The West African country of Togo belongs to the poorest countries in the world. The majority of the population lives from small-scale farming and there is hardly any work. Women in particular are often economically disadvantaged. And almost every second child helps in the household, in the fields or in the markets instead of attending school.
Kolping in Togo
There have been Kolping Families in Togo since 2005, and a National Association with headquarters in Lomé has existed since 2008. Currently, about 2,000 members are active in more than 50 Kolping Families, especially in the rural areas – in Aného, Kpalimé, Atakpamé, Kara and the suburban districts of Lomé.
The most important focus of KOLPING Togo’s support is rural development. The yields of small farmers are meager, and the food situation is often precarious. Moreover, the country is severely affected by climate change: Droughts and floods are increasing. If this leads to crop failures, the prevailing malnutrition quickly turns into hunger. KOLPING Togo supports smallholder families with training in suitable (and climate change-adapted) cultivation techniques, small-scale livestock farming and the production of organic fertilizer. Harvest yields are also increased through the use of more resistant seeds. Often families even have harvest surpluses that they can sell on the market or process into durable products and thus added value and income increase. Local measures also include water projects and latrine construction, savings and microcredit groups, and targeted support for women:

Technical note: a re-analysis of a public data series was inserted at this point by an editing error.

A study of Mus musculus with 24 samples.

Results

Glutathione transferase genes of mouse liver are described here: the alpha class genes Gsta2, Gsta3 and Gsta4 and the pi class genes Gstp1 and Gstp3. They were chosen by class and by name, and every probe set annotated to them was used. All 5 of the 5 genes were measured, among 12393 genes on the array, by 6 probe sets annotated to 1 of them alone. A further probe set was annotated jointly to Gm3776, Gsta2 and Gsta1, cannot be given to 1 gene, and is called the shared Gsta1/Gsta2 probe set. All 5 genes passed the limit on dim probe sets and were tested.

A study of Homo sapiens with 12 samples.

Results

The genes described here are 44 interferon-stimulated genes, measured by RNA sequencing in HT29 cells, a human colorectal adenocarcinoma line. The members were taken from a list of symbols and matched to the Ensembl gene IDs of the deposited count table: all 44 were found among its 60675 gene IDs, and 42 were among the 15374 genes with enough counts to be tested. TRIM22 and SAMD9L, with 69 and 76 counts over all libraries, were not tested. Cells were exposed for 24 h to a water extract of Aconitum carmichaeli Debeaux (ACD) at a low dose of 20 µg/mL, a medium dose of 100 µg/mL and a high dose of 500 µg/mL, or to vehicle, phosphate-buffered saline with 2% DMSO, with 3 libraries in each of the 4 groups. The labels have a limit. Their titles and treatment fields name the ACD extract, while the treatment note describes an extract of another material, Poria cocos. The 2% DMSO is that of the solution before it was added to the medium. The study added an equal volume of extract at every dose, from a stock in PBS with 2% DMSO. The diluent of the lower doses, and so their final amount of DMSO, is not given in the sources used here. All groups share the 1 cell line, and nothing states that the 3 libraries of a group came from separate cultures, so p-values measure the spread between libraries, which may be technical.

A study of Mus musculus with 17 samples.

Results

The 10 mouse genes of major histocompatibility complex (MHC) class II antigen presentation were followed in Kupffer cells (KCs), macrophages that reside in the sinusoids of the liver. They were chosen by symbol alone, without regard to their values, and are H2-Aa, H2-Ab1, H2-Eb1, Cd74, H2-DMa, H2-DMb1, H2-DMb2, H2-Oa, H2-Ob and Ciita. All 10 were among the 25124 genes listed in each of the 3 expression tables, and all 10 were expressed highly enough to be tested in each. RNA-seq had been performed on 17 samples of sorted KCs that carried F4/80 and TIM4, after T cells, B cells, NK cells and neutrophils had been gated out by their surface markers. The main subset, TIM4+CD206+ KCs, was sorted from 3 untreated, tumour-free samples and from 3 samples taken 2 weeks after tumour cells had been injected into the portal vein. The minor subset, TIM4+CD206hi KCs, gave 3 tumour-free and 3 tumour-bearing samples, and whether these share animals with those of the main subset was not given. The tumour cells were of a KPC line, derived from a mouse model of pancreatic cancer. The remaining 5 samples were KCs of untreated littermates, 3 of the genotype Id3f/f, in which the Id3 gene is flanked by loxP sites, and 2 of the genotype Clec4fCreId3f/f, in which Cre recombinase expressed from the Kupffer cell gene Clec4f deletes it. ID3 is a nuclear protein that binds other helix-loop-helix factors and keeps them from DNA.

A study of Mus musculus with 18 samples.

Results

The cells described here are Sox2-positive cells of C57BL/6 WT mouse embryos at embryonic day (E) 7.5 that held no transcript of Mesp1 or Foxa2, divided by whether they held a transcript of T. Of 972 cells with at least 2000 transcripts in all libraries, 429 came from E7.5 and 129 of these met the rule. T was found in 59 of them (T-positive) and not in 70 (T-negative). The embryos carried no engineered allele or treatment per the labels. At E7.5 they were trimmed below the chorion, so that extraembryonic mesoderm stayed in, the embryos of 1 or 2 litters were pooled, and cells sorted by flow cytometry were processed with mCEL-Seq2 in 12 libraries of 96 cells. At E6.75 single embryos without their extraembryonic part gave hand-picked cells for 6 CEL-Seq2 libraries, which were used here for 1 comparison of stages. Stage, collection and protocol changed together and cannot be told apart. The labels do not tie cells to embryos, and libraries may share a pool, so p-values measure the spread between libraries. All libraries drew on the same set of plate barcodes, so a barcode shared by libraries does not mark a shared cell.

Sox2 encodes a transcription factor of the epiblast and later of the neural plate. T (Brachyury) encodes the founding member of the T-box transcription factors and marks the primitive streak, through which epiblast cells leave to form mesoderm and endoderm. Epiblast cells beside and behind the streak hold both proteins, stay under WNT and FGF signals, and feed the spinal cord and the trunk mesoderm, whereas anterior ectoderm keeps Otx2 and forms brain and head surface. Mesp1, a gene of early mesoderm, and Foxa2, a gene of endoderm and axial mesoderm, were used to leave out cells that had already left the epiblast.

Success with simple technology
The diocese of Kpalimé is located about 105 kilometres north of the capital Lomé. The Kolping Family of Kpimé is based there. Some years ago, the members still had problems to water the plants on their fields although there was a small river nearby. But there were no pumps available which would transport the water to the fields. Today the fields around the Church are in bloom. The fresh vegetables sell good on the market. The community field is now cultivated and irrigated by the members of the Kolping Family on a regular basis, and the yields are distributed equally among the members. A local craftsman has created a hand pump which is easy to operate and allows them to irrigate the fields. The Kolping Family now wants to expand to provide individual fields with more pumps. The water project by Kolping was a great success and has increased the quality of life of many members.
Kolping does an excellent job: Although the association is still young, the Kolping Families‘ members help themselves. They work together in savings groups and community projects to increase their income. In addition to training courses and livestock projects, it is primarily the water projects and the use of pumps and wells which increase the yields of the Kolping Families.